A potential global financial crisis has certainly been a hot topic for a while now. Predictions have been made by many businesses, and another one recently came from the McKinsey & Co. consultancy. The company reported that most of the world’s banks are not prepared to survive a potential downturn.
Banks Are Not Ready?
McKinsey’s annual review of the financial industry says that we have entered the late phase of an economic cycle.
A significant decrease is experienced in the growth volume and top-line revenues, as loans show the lowest advancement in the last 5 years. Investor confidence in banks is declining as well, and the yield curves appear to be flattening. A senior partner at the firm noted:
“We believe we’re in the late economic cycle and banks need to make bold moves now because they are not in great shape. In the late cycle, nobody can afford to rest on their laurels.”
Moreover, the risk costs across the globe are at an all-time low. This signals that banks must renew their focus on risk management and factor in the increasingly digital world.
Negative Rates From Banks
Another major sign can be extrapolated from the negative interest rates in lots of countries. Instead of receiving money on deposits, banks charge fees to their customers.
As CryptoPotato reported, such rates have been imposed across Europe – in Switzerland, Denmark, Sweden, Germany, and elsewhere. The Bank of Japan also implemented this approach a few years ago.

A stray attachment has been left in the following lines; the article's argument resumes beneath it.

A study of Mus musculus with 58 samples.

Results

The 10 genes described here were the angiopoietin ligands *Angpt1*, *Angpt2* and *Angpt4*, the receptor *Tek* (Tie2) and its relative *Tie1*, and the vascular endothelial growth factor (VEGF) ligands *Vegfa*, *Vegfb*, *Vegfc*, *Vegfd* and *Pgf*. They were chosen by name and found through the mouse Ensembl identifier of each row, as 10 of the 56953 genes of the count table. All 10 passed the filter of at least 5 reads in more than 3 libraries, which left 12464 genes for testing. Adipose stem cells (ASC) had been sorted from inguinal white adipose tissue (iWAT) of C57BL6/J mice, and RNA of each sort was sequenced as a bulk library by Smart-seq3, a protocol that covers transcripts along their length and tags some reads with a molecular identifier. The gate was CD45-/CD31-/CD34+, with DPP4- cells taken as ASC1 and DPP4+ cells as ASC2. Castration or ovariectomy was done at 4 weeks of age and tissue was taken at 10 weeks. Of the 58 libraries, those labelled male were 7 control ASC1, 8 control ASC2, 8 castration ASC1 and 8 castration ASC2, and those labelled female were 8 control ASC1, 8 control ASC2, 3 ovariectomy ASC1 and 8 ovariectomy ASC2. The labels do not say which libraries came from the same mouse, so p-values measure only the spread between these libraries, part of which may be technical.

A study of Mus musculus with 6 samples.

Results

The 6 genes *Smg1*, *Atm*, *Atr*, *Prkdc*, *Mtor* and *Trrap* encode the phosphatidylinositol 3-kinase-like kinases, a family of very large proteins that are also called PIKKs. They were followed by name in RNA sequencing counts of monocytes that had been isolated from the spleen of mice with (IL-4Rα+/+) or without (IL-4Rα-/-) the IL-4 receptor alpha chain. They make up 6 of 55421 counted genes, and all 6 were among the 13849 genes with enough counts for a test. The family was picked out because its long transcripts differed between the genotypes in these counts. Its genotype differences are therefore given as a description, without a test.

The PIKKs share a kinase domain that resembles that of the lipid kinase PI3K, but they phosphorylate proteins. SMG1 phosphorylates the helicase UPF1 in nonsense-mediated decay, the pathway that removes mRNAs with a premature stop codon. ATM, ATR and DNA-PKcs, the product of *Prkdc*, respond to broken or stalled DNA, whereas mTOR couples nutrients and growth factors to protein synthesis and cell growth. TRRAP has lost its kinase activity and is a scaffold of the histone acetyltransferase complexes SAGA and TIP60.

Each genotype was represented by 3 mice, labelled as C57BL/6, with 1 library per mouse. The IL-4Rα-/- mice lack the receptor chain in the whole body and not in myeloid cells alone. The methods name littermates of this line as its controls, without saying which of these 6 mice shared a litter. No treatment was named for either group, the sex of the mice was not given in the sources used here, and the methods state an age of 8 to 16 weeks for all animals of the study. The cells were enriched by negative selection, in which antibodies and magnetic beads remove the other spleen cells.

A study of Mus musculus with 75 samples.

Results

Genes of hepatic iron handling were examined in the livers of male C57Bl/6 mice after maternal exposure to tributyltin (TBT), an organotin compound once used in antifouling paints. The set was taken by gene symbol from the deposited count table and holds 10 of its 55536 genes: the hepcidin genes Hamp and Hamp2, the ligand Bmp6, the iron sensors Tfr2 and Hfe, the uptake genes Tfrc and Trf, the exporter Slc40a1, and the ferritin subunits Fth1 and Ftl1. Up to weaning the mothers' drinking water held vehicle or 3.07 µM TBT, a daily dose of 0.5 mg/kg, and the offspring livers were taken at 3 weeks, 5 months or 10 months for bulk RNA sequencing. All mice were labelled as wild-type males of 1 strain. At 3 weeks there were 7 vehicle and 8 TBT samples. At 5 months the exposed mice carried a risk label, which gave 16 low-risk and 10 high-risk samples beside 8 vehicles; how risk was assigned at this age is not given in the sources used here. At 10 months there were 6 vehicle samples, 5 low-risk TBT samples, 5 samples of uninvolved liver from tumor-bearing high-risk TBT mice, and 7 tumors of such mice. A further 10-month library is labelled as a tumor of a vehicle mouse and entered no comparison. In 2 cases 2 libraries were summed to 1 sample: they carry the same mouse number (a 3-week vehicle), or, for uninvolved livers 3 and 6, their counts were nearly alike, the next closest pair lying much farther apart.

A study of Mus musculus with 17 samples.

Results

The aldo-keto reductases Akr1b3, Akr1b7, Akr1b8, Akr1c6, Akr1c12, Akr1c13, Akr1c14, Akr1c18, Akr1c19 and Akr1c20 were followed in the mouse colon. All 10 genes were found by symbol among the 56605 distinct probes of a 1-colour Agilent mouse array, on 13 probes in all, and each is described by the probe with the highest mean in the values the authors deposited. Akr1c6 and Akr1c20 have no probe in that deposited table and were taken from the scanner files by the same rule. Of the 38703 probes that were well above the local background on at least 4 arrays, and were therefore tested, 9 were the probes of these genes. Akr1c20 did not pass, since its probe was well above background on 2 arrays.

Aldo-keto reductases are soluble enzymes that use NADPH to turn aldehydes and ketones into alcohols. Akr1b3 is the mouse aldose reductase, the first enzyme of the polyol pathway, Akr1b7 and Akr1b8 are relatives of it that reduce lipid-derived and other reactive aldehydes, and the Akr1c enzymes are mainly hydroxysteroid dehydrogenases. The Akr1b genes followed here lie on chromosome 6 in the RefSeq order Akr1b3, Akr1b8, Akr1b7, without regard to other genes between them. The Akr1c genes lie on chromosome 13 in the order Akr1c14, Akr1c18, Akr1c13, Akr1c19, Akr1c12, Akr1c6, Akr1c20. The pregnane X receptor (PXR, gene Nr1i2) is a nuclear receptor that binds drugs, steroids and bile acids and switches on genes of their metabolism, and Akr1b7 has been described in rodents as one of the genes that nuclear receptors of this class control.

Even though interest rates in the U.S. are currently over 1%, the former chairman of the Federal Reserve believes that the country will soon follow suit.
The report from McKinsey points to technology as the way out of the potential financial crisis for banks. As most banks are considered weak, the company offers examples such as Apple, Amazon, and Google in the U.S. and Ping An in China. Fintech financial services have emerged over the last decade, capturing new business areas such as credit cards. Those companies allocate more than 70% of their budgets to information technology innovation, while banks allocate just 35%.
If technology is the way forward, Bitcoin should probably be considered. When it comes to inflation rates, for example, the largest cryptocurrency by market cap has a preprogrammed one of 3.7% which will drop to 1.8% next year after its Halving. It’s also a scarce digital asset with a limited supply that will only decrease from here on out.